AUSTIN, Texas — An Austin woman was left bloodied and bruised after a pair of pit bulls attacked her and her dog while walking on a trail.
Now, she's suing the pit bulls' owner.
Erica Curtis told KVUE she was walking her 10-year-old English bulldog, Boomskie, on a trail behind a church near Commons Ford Road and Cuernavaca Drive in Southwest Austin last month when two unleashed pit bulls approached her and her dog.
"I just knew the situation wasn't going to be good," Curtis said.
She said she yelled to try to get the owner's attention.
"She just walked them right to me and when she got up to me, she said, 'No, it's OK. They're good,'" Curtis said.
And then, the worst happened. Curtis said the pit bulls came at her from both sides, attacking her and Boomskie, who she said was leashed at the time.
"I was just screaming, 'They're killing my dog. Get your dogs off my dog,'" Curtis said.
The attack seriously injured both of Curtis' hands, and Boomskie required at least three surgeries.
"He's my everything. That's why I fought for him," she said.
According to Lakeway police reports provided to KVUE by Curtis' hired law firm, McMinn Law Firm, the pit bulls' owner, Patricia Stanford, and her dogs have been involved in at least three other attacks. The earliest happened in 2014.
In one of the attacks, one of the pit bulls escaped from Stanford's front yard and attacked her neighbor's dog. In another attack, one of the pit bulls attacked Stanford's roommate, who declined to press charges.
The third attack happened at a dog park in Bee Cave when one of the pit bulls attacked another dog and a person.
According to the reports, in two of the three attacks, Stanford quarantined the dogs at the request of police.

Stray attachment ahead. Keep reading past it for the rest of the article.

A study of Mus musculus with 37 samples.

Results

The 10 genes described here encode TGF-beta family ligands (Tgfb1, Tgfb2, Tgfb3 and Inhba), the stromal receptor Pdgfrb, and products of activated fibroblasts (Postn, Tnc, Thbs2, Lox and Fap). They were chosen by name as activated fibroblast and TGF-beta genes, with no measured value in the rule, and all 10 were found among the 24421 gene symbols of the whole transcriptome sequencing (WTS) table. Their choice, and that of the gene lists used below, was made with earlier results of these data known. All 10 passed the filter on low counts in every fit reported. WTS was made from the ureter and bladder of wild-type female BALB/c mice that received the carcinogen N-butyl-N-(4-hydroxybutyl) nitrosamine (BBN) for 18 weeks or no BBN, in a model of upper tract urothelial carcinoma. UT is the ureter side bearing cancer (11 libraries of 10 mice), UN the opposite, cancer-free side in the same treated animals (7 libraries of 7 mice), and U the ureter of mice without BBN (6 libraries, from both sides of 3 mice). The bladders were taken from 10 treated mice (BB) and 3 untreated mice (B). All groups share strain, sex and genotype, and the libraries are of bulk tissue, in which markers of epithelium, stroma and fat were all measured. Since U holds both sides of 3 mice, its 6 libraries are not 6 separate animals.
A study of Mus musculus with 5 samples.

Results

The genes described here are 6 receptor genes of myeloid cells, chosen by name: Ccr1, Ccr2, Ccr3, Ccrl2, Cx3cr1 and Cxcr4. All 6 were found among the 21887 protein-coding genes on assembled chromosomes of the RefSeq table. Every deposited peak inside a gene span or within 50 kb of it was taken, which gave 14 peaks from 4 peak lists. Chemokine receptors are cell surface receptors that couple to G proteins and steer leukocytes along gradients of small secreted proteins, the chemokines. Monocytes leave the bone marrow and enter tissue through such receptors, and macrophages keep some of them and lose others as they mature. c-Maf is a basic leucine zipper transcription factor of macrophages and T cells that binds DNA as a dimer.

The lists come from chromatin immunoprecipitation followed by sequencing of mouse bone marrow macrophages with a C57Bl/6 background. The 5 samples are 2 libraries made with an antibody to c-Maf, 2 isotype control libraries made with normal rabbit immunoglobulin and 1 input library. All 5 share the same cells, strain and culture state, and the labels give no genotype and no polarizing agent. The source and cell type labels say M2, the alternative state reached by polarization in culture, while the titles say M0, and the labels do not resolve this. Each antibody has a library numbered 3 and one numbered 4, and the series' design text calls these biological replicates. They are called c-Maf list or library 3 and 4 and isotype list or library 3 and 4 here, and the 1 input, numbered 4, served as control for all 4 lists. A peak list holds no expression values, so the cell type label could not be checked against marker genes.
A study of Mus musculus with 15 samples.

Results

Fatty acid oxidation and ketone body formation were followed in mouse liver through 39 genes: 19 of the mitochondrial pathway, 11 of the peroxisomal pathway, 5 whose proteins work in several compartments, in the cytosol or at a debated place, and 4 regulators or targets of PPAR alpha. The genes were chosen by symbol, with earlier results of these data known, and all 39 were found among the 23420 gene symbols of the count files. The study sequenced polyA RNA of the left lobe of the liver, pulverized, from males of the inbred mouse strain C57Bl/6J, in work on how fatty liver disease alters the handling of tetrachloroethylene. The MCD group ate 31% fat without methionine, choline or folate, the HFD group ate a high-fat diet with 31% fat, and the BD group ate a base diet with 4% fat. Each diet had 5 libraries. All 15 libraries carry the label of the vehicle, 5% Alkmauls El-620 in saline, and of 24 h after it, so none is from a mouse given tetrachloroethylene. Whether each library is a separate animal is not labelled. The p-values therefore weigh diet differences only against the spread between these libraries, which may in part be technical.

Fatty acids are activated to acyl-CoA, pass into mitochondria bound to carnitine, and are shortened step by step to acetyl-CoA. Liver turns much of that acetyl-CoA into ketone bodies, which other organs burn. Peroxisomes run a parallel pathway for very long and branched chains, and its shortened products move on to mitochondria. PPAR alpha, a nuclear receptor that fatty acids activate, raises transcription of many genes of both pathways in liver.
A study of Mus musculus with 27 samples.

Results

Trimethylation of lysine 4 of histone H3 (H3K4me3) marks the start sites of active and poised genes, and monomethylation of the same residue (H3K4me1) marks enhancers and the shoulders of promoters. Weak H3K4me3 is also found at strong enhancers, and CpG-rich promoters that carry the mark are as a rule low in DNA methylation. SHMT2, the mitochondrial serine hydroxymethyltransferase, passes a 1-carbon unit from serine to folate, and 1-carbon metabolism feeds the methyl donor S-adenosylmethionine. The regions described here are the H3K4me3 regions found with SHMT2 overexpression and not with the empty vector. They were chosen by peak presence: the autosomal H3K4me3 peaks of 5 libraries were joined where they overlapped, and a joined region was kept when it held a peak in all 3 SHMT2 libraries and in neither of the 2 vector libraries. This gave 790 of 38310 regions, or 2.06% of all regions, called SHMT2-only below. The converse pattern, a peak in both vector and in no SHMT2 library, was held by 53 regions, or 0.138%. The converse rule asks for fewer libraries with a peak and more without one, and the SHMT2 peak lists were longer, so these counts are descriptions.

Curtis' attorney, Jason McMinn, told KVUE the dogs should have been collared and leashed while on the trail.
"The fact that these dogs were still being allowed to roam around unleashed blows my mind," McMinn said.
In a statement sent to KVUE, Stanford claims Curtis lied to the responding Travis County sheriff's deputy when she told him Boomskie was leashed at the time of the attack.
"When we got near, [Curtis] was crouched over her dog with no leash and said that her dog doesn't get along with other dogs," Stanford wrote in the statement. "I told [Curtis] that we would go around, and I thought she had control of her dog. My female ran up to greet [Curtis' dog], and [Boomskie] lunged aggressively at her. My male took that as an act of aggression toward his pack and he ran to her dog."
Stanford claims she tried to separate the dogs, but Curtis kept "screaming and kicking [Stanford's dog] which caused the situation to get worse."
Stanford wrote she was also injured while trying to break up the fight.
According to a lawsuit, Curtis is suing Stanford for more than $1 million in damages.
"I feel like this is my duty to have this stopped and have these dogs taken off the street," Curtis said.
Austin Animal Center told KVUE that Stanford has yet to surrender her pit bulls after this recent attack.
KVUE reached out Lakeway PD, which responded to the three prior attacks, about its policies dealing with aggressive dogs, but did not receive a response.